Abstract TP212: Basilar Artery Diameter Is an Independent Predictor Of Incident Cardiovascular Disease
Background and purpose: Basilar arterial dolichoectasia, is extreme dilatation and elongation of the basilar artery (BA), is associated with intracranial bleeding, stroke mortality, and cardiovascular death. However, the association between moderate dilatation of the BA and subsequent cardiovascular events remains unclear. The study aims to clarify whether the BA diameter is an independent predictor of incident cardiovascular events.
Methods: The study subjects comprised 493 outpatients aged 50 years or older with atherosclerotic risk factors, who underwent brain magnetic resonance imaging (MRI). The short axis of the BA diameter, cerebral infarcts, hemorrhagic lesions, the severity of deep white matter hyperintensities (DWMH), and intracranial steno-occlusive lesions were assessed with MRI and MR angiography. We prospectively evaluated the association between BA diameter and incident cardiovascular events such as cerebrovascular events, coronary heart events, and peripheral arterial events. The Kaplan-Meier method was used to analyze survival, and Cox regression models were used to examine prognostic variables.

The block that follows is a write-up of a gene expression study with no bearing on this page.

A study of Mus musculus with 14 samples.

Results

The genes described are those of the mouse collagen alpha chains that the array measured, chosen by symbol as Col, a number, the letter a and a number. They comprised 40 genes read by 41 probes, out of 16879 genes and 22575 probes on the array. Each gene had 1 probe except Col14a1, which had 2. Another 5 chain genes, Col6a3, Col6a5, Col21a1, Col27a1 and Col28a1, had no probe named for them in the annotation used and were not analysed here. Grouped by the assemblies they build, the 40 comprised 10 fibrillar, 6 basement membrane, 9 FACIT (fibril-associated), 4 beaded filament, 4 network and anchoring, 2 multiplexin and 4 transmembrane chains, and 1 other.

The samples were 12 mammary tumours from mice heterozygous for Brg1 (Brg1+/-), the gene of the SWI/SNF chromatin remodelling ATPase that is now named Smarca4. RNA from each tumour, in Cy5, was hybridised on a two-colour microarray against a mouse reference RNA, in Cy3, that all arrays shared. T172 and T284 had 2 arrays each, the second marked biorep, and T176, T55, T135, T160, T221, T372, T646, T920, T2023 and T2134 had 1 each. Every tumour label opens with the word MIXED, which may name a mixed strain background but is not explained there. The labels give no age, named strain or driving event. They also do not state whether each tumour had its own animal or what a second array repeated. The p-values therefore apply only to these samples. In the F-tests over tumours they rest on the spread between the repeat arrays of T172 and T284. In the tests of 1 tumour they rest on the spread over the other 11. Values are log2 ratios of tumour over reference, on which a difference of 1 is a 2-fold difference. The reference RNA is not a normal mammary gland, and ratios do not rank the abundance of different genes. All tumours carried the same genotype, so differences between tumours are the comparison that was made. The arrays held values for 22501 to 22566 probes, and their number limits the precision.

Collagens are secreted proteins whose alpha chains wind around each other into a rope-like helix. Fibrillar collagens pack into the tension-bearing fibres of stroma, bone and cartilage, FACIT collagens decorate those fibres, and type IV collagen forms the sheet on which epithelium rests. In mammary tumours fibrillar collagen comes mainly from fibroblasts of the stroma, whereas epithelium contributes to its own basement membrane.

Results: The BA diameter ranged from 1.1 to 5.2 mm, and only 0.8% of the total patients had dolichoectasia. In the mean follow-up of 6.0 years, 91 patients developed cardiovascular events. BA diameter was independently associated with the cardiovascular events after adjusting for risk factors, stroke lesions, intracranial arterial steno-occlusion, and DWMH. Patients with large BA diameter (>2.7 mm) developed more cardiovascular events compared with those with small BA diameter (≤2.7 mm) (log-rank test; p <0.001). Among the cardiovascular events, BA diameter was most strongly associated with coronary heart events; however, it was not independently associated with cerebrovascular events.
Conclusion: BA diameter is independently associated with incident cardiovascular events in high-risk patients. BA diameter could be a new predictive marker of cardiovascular events.
- © 2012 by American Heart Association, Inc.